Most of the results of OTA’s analyses of mid-size autos apply similarly, on a percentage basis, to other auto size classes—such as subcompacts—and to light trucks. There are, however, some interesting differences. For example, the aerodynamics of different vehicle classes are subject to different constraints.
Subcompacts are unlikely to attain as low a drag coefficient as mid-size vehicles because their short lengths inhibit optimum shapes for minimum drag. Pickup trucks, with their open rectangular bed and higher ride height have relatively poor drag coefficients, and four-wheel-drive pickups are even worse, because of their large tires and higher ground clearance.
And compact vans and utility vehicles have short noses, relatively high ground clearance, and box-type designs that restrict drag coefficients to relatively high values. Although each vehicle type can be made more aerodynamic, it is unlikely that light-truck drag values will decline quite so much as automobile drag values can.
Types of vehicles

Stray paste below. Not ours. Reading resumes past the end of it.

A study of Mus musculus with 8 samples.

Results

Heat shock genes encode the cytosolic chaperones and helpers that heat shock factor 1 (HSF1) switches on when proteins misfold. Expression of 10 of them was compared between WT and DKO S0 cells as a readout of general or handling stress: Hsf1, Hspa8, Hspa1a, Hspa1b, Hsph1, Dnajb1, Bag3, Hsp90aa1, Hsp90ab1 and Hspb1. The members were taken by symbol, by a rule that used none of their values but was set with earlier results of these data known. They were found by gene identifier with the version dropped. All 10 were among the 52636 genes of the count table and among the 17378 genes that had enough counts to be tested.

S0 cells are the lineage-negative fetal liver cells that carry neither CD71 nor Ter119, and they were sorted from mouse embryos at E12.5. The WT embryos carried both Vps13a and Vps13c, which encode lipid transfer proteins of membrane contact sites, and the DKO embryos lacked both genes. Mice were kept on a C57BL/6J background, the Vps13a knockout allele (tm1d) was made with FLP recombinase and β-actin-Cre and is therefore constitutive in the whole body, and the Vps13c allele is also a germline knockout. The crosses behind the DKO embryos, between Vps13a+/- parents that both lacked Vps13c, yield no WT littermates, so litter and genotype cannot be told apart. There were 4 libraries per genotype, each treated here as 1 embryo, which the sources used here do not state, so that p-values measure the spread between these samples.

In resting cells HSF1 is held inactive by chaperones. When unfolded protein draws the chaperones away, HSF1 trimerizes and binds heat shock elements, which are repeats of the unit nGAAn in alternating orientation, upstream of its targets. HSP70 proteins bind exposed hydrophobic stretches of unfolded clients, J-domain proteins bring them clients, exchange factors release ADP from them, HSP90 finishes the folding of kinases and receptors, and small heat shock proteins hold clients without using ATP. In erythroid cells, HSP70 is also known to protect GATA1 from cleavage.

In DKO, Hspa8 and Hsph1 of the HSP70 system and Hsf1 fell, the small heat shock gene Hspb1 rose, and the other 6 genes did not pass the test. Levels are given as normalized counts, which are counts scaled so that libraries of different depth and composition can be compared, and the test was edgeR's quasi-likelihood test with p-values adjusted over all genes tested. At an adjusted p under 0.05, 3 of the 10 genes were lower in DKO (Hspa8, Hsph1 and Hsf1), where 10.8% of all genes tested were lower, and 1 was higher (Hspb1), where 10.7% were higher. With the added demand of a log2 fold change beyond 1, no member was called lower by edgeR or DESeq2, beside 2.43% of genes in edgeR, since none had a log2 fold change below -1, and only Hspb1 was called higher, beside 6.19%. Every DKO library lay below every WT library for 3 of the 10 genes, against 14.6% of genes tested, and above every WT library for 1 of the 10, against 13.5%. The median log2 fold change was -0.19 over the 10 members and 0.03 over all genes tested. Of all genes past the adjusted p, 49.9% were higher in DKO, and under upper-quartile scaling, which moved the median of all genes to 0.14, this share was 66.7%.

Another important difference is market-based—historically, introduction of new technologies on light-duty trucks has typically lagged by five to seven years behind their introduction in cars. Although this lag time might change, it is likely that some lag will continue to persist.
Differences in the functions of the different vehicle classes will affect fuel economy potential, as well. For example, the load-carrying function of many light trucks demands high torque at low speed, and may demand trailer-towing capability. The latter requirement, in particular, will constrain the type of performance tradeoffs that might be very attractive for passenger cars using electric or hybrid-electric powertrains.
Whereas OTA expects the business-as-usual fleet of automobiles to improve in fuel economy by about 24 percent between 1995 and 2015, the fuel economy of the light truck fleet is expected to increase a bit less than 20 percent. Prices will scale with size: for example, for hybrids, subcompact prices will increase by about 80 percent of the mid-size car’s price increment, compact vans by about 110 percent, and standard pickups by about 140 percent, reflecting the different power requirements of the various vehicle classes.